As inventory drops, Greater Lansing real estate market swings to the seller’s side

On the most recent installment of the mid-Michigan real estate drama, “As the Market Turns,” house hunters in the corridors of Ingham, Clinton and Eaton counties are finding inventory significantly tighter compared to a year ago.

Which, if you’re a seller, tighter inventory can be a great thing. Buyers on the other hand are faced with fewer options in their price range and longer searches for the types of homes that fit their requirements.

Whether you’re looking to buy or sell a home in 2018 — or find the perfect rental — it helps to know what you’re up against. According to a recent report in U.S. News, real estate experts say timing will be paramount for homebuyers in the coming months, while sellers will likely have an easier time making a successful deal.

Meanwhile, renters may find more amenities and negotiating power.

Mary Jo DeHaven, a licensed realtor for almost 25 years that is currently an agent with Coldwell Banker Hubbell BriarWood (CBHB), has lived in the Greater Lansing area for most of her life and is familiar with how the local market ebbs and flows. 

“Prices are inching up, which is great for sellers as it provides equity for the purchase of their next home — whether they are moving up or downsizing,” said DeHaven. “For the homebuyer, the Lansing area is still one of the most affordable in the country, and interest rates remain low.

“The only negative in the market is the low inventory. We have buyers looking and they cannot find what they want. That pushes those that can afford it to new construction, which is on the rise as well.”

CBHB’s 2017 market report for the fourth quarter in Greater Lansing provided a stark contrast, for example, when compared with housing numbers from 12 months ago:

  • Units sold: 1,443 (2017); 1,395 (2016)
  • Value sold: $225,996,888 (2017); $201,436,605 (2016)
  • Average days on market: 44 (2017); 52 (2016)
  • Average sold price: $156,616 (2017); $144,399 (2016)
  • Median sold price: $143,163 (2017); $132,401 (2016)
  • List price vs. sold price: 81.09 percent (2017); 84.36 percent (2016)
  • Average pended list price vs. sold price: 97.71 percent (2017); 97.59 percent (2016)
  • Available listings: 1,045 (2017); 1,556 (2016)
  • Market surplus 1.17 months (2017); 2.35 months (2016)

“I’d say, it is very safe to buy and begin gaining equity for yourself, rather than your landlord,” DeHaven added.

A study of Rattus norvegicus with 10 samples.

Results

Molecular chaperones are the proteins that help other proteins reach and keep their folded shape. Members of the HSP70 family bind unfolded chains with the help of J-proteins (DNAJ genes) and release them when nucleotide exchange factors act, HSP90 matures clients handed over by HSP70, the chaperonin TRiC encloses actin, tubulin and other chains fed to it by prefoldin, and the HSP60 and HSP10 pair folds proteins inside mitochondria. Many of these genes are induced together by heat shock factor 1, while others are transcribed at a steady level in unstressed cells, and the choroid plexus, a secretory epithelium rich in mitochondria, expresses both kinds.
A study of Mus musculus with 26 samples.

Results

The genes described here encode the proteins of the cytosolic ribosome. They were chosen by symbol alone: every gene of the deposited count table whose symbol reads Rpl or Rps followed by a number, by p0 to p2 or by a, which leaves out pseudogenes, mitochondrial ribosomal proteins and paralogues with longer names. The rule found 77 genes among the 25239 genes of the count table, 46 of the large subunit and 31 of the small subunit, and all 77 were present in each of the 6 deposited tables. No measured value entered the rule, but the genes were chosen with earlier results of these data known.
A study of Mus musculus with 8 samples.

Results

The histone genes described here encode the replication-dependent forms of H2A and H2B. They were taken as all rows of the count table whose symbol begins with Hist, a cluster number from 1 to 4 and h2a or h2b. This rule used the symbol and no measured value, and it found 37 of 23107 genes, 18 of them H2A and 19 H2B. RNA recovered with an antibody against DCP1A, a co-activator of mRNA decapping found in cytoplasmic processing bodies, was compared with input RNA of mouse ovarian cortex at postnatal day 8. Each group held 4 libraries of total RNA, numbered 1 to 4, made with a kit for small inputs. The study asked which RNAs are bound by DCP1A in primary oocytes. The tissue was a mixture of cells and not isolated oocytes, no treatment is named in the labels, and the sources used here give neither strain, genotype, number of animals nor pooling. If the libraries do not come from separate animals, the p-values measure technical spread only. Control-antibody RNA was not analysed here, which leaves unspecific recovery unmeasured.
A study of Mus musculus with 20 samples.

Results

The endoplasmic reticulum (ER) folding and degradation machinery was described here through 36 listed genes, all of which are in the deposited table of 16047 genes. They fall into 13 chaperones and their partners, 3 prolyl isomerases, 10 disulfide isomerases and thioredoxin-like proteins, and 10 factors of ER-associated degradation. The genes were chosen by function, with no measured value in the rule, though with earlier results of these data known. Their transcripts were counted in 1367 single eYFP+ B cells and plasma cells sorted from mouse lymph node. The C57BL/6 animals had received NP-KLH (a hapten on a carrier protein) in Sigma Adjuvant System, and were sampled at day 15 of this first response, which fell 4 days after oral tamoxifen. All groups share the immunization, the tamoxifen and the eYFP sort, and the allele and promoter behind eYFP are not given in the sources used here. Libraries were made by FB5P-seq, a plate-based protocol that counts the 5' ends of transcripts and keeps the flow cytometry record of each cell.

With tight seller’s markets being the leading narrative on homebuying over the past few years, Michigan residents — like many Americans — are unsure about their ability to buy a home, according to a recent survey of 2,000 adults published by Trulia, a real estate information company. According to the U.S. News report, only 25 percent of those who responded believe that 2018 will be a better time to buy a home than 2017.

High rents hinder would-be first-time buyers’ opportunities to save, while interest rates are expected to rise, and home prices continue to swell in midlevel housing throughout the U.S.

“It’s difficult to save up for a down payment,” Ralph McLaughlin, chief economist for Trulia, told U.S. News.

Lisa Ramont, agent for The Lisas with Coldwell Banker Hubbell BriarWood, believes it makes sense to buy if you are in a financial position to do so.

“Renters typically pay a quarter of their income in rent,” Ramont said. “It’s simply more expensive with no tangible payoff. The current market is safe for buyers, but timing is going to be paramount when buying this year. Buyers must be diligent and keep a close eye out for new properties coming out on the market.”

Trulia anticipates the homeownership rate —nearly 65 percent as of 2017’s third quarter, according to the U.S. Census Bureau — to continue the slight upward trend. Interested buyers will have to keep a close eye on new properties coming to the market. It will also be imperative for buyers to have their financing in order and tap attentive real estate agents, to help make an appealing offer on a house, as there will likely be more than one offer on available homes in many markets.

Meghan Webber, CEO of the Greater Lansing Association of Realtors (GLAR), agrees with DeHaven that inventory continues to be an issue across all three counties.

“A balanced supply, meaning it doesn’t favor a seller or a buyer, lasts around seven months,” Webber said. “We are at around a two- to three-month supply. It is an extremely favorable seller’s market.”

Webber cited the following GLAR housing numbers from 2017:

  • In Ingham County, sales volume was up 5.5 percent, and prices increased by 6.3 percent. The price per square foot was up nearly 9 percent, while month supply dropped by 41 percent, indicating a more favorable seller’s market.
  • In Clinton County, sales volume dropped 10.6 percent, while prices increased by 7 percent. The price per square foot showed a healthy increase of 24.4 percent, while month supply fell 3.3 percent — also a more favorable seller’s market.
  • In Eaton County, sales volume and price per square foot were flat, though prices rose by 3.6 percent. Month supply dropped by nearly 11 percent.

“In the first quarter of 2018, inventory continues to remain extremely low, so sellers are in a good position,” Webber said. “Low interest rates continue to be an advantage for buyers. I think it’s safe to say that most sellers will be in a positive-equity position, but there are always exceptions and pocket areas in each county that have not seen property values return to early 2000 values. 

“It appears, at least for the first half of this year, that inventory (for existing homes) will remain low, and new construction will struggle to keep up with demand,” said Webber.